As the U.S. Senate readies itself to begin the official impeachment trial for President Donald Trump, Democrats within that body are making a strong case for allowing more evidence and witness testimony to be included.


Sen. Kamala Harris, a former Democratic candidate for president who dropped out of the race last month, spoke at a press conference alongside other Democratic senators on Thursday, insisting that allowing more evidence and witnesses to speak should be a no-brainer. Denying those conditions is detrimental to the future of this country, she added.

“I would argue that not only is this an impeachment trial, but that the very integrity of the United States Senate is on trial,” Harris said in her statements. “What is before us are charges that are arguably the most serious charges that have ever been leveled against a President of the United States.”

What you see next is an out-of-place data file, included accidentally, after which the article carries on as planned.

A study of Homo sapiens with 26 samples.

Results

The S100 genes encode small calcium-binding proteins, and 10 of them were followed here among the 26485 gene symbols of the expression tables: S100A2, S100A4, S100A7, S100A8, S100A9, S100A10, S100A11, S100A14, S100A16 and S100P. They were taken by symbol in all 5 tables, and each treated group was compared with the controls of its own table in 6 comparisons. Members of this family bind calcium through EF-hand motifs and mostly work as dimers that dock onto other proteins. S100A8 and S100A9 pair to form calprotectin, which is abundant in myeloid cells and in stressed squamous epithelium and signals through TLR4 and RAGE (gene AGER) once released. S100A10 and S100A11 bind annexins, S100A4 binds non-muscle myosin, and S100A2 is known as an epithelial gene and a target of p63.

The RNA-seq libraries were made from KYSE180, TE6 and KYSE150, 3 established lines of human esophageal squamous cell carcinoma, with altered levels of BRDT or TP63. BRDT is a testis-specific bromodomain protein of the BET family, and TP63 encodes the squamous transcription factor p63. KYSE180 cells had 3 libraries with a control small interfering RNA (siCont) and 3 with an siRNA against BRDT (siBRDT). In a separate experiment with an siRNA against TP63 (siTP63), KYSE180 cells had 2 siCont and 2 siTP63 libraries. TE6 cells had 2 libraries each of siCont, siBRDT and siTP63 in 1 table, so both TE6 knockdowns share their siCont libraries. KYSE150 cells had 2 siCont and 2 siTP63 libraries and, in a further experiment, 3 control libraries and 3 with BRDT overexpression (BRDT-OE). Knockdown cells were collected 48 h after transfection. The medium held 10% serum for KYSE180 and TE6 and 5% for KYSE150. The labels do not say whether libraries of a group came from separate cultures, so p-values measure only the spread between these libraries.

It is vital, in order for a fair and just trial to proceed, for new evidence and witnesses to be allowed, Harris argued.

“[Senators must demand] that the American public and each member of this body receive all evidence — documents and individuals who are witnesses — so that we can engage in a fair deliberation and make a decision that reflects the ideals and the values and the very principles of the United States system of justice,” the senator from California said.

The American public tends to agree with Harris and Democrats in general on the subject. According to a Morning Consult/Politico poll released earlier this month, 57 percent of the American public said additional witness testimony in particular should be allowed in the Senate impeachment trial. Only 24 percent of respondents disagreed.

Even among Republican-leaning respondents taking part in the poll, more were in favor of additional witnesses (40 percent) than were not (39 percent).